I chose to become a minister of religion, not a policeman. But in the days of Covid, I feel sometimes that is what I have become: a policeman! Trying to keep people safe – and everyone wants the church building to be a place of safety, don’t they? – has become a difficult and lonely role. During the second world war, everyone was responsible to make sure blackouts were up and effective – one light could show up in the night sky and be a target for bombers. We’ve all seen Dad’s Army and the constant vigilance on keeping the lights out. It is the same now – but this is about wearing face coverings and social distancing. Even though the government has eased up on the restrictions, churches are being asked to continue to ensure safety above all else is maintained.
Most people look out for one another. It has become, however, for some, ok to put yourself first, in our society; to make sure you’re ok, over and above everyone else. I was brought up, even if people didn’t always keep to it, with the idea that the Common Good overrode my personal desires and wants. It was a mark of good neighbourliness and a sign of common decency. But, sometimes I ask myself: where has that attitude gone?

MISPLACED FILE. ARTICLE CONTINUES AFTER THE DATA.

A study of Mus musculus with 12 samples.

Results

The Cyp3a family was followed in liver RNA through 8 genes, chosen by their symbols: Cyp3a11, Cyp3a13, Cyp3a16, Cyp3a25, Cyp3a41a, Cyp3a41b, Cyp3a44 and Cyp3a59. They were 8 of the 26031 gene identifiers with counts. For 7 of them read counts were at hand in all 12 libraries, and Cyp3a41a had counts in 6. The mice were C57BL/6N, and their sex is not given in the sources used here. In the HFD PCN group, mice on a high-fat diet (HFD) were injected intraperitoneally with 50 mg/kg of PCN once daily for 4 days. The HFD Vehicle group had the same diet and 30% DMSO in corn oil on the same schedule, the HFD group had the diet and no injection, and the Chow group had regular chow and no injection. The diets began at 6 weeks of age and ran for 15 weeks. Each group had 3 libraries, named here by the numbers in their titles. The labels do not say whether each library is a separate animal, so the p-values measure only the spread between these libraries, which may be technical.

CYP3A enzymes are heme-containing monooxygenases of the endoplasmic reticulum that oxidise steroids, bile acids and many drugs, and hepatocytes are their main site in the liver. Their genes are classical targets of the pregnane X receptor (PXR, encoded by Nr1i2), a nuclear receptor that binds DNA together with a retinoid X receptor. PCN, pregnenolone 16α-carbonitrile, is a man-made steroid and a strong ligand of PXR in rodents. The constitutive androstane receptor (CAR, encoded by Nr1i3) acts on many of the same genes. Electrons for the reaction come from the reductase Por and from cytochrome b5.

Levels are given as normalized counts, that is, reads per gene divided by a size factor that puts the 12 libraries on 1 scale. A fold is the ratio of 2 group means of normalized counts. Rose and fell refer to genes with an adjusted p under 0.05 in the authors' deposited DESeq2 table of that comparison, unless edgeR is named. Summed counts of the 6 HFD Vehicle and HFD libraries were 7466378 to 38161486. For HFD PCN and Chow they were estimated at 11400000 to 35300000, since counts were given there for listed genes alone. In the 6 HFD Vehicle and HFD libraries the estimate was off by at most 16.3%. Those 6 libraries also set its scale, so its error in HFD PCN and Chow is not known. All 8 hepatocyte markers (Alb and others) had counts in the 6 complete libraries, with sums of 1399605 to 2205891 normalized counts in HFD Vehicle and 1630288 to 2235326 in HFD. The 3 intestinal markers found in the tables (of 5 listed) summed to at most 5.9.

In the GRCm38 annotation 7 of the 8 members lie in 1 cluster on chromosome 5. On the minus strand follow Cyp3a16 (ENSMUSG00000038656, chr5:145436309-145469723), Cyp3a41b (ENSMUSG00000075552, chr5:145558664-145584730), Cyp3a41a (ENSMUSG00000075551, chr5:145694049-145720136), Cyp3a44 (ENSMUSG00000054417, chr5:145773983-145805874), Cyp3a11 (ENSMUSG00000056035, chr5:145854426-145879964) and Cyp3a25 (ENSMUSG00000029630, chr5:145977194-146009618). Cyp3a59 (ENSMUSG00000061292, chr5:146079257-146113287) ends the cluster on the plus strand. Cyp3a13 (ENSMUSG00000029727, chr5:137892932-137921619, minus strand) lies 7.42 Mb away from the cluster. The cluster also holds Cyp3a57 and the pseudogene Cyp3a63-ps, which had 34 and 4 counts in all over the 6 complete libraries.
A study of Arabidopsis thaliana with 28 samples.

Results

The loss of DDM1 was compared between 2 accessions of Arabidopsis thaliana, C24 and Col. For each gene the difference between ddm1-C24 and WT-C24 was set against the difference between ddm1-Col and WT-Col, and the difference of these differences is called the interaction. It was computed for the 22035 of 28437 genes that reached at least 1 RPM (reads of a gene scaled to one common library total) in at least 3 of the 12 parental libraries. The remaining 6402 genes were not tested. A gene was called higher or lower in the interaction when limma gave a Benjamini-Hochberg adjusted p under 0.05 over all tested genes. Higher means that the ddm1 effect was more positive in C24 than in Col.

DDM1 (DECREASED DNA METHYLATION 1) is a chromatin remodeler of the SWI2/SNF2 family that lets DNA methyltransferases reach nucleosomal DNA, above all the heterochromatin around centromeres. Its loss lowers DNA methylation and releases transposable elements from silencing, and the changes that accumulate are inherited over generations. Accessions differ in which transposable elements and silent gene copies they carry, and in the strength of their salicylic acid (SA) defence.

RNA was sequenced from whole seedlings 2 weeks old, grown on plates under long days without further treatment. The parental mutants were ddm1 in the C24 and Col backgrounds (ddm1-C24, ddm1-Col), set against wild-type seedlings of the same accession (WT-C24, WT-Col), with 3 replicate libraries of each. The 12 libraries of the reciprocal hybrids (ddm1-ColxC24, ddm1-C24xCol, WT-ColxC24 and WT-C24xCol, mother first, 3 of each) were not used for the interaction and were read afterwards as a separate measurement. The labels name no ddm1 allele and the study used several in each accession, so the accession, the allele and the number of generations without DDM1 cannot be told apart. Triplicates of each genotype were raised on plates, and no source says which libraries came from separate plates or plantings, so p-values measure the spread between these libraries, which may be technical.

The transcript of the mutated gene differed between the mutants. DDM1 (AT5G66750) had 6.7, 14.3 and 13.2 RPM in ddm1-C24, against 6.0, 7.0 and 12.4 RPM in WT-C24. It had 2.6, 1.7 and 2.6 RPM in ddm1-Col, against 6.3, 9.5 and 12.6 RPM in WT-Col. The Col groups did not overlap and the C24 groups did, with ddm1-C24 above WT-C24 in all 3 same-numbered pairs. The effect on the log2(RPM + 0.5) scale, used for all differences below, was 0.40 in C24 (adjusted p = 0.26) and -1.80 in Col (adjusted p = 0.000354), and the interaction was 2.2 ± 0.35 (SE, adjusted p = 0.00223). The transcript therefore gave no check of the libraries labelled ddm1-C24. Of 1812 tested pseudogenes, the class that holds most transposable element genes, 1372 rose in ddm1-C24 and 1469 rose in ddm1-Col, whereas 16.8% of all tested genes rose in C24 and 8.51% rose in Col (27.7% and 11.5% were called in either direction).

Jesus, we are told in all the four gospels, fed the multitudes from the few loaves, and fishes, brought to the party by a small boy. The story goes that Jesus took what someone had and after saying thank you, shared it so everyone could have ‘as much as they wanted’. The miracle was that when this was shared there was still much left over to fill 12 baskets.
It is hard to live up to the standards set by Jesus and most of us fail. But perhaps when you think about whether you’ll wear a mask today, you might consider those who are vulnerable, the people who through illness have no immune system to protect them, those still not vaccinated and those already sick and vulnerable to catastrophic illness.